What is a Strata Manager?

The Strata manager is the face, and an employee, of the Strata Corporation’s management company. They work closely with a strata council to perform many vital functions and resolve any complaints or issues that arise. Strata managers serve as consultants, make recommendations, and execute the council’s decisions.

What’s the Strata Manager Job Description?

Strata manager job responsibilities vary by community, governing documents, and the Strata management contract terms. Similarly, the strata manager salary is also usually determined by the manager’s years of experience, employer, and contract terms. While the specific duties of one manager can be different from another, generally it’s the job of a Strata manager to handle the overall operations and administration of the Strata Corporation in accordance with council policies, governing documents, and applicable laws.

Top 7 Misconceptions About Strata Managers

A strata manager does a lot to support the strata council. They help with the heavy lifting, providing guidance, advice, and oversight in all aspects of strata operations, including
maintenance, financial and administrative duties. To ensure an effective relationship with your strata manager, it’s important to recognize the misconceptions about what a strata manager is and does. Here are seven.


The most common misconception is that the manager makes the decisions and controls the council. The exact opposite is true. Strata Corporations are non-profit businesses that are run by a strata council who makes the decisions. The manager simply executes the decisions of the council and is the liaison between the council, vendors, and residents.

2. The manager is an expert in every field

A good manager is an expert at a lot of functions, but not everything. Luckily, they know people who are professionals and highly skilled at doing things like overseeing taxes, repairing siding, and mowing lawns. Many managers have a network of dependable contractors and vendors that can help the council carry out its directive. From lawyers and accountants to insurance agents and landscapers, you can rely on a manager to make connections, solicit bids, oversee the relationship, and manage contracts.

3. The manager is obligated to perform duties for individual homeowners.

Many owners think that since their dues pay for the management company and any direct
employees, the manager works for them. However, a strata manager is responsible for community-related matters and functions defined in a contract- not personal tasks.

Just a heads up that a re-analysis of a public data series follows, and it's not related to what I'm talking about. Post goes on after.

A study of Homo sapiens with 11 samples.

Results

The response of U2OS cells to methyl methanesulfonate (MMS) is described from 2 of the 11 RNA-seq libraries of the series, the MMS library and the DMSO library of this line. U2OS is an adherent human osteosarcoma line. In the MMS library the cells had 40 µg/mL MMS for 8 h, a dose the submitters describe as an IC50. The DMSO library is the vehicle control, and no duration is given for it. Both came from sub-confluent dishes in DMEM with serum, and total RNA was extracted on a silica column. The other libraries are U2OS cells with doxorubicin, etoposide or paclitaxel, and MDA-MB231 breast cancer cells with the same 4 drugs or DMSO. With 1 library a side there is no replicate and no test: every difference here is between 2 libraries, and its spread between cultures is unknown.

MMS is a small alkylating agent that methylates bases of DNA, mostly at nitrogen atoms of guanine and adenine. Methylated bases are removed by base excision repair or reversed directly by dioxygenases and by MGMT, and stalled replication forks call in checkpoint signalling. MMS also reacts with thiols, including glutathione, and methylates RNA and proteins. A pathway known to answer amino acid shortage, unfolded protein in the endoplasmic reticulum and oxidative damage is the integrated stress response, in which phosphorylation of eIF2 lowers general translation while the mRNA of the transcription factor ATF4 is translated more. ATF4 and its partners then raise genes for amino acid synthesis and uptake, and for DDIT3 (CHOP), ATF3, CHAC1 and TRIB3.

4. The manager always has eyes on the community.

Even though your Strata Corporation may employ a full-time onsite manager solely devoted to your Strata, it doesn’t necessarily mean they constantly have eyes and ears on the whole community. While the manager may work to proactively address concerns, it’s important for residents to speak up and report issues or needs when they see something. When everyone works together, everybody wins.

5. The manager makes a commission from collecting fees and fines

Strata managers are usually tasked with supporting the Strata Corporation. That may include preparing the annual budget, analyzing the operating budget, understanding the reserve fund, and collecting strata fees and fines.

However, just because collections efforts are the responsibility of the Strata manager, they never benefit from the monies collected. Fees, fines and other dues contribute to the community’s daily operational expenses and reserve funds.

6. The Manager is on call 24/7

It’s true that many managers oversee various aspects of the community, but they’re not
always available 24/7 to address non-emergency concerns. Typically, managers have regular working hours that are outlined in the management contract. Outside of working hours, they can usually be contacted—or provide an after-hours contact—for urgent and emergency situations.   

7. The manager can create or change the rules.

A Strata manager cannot create or change the rules and bylaws, but they can (and do) help enforce the Strata Corporation’s bylaws, rules and regulations. A strata council  is the governing body with the power and authority to amend or adopt rules. Still, you may find that a manager ensures that rules and policies are consistently enforced and clearly defined. They may even recommend solutions to resolve owner complaints and compliance issues.

The Secret Life of Strata Managers

It’s easy to build misconceptions about Strata managers, but the relationship you have with your Strata manager needs to be strong and trusted. Creating and maintaining a solid relationship with your manager can make or break the success of your community. Read our free ebook, “The Secret Life of CAMs”, to get a better understanding of what a strata manager is, what a community manager does, and how you can make the most of your relationship.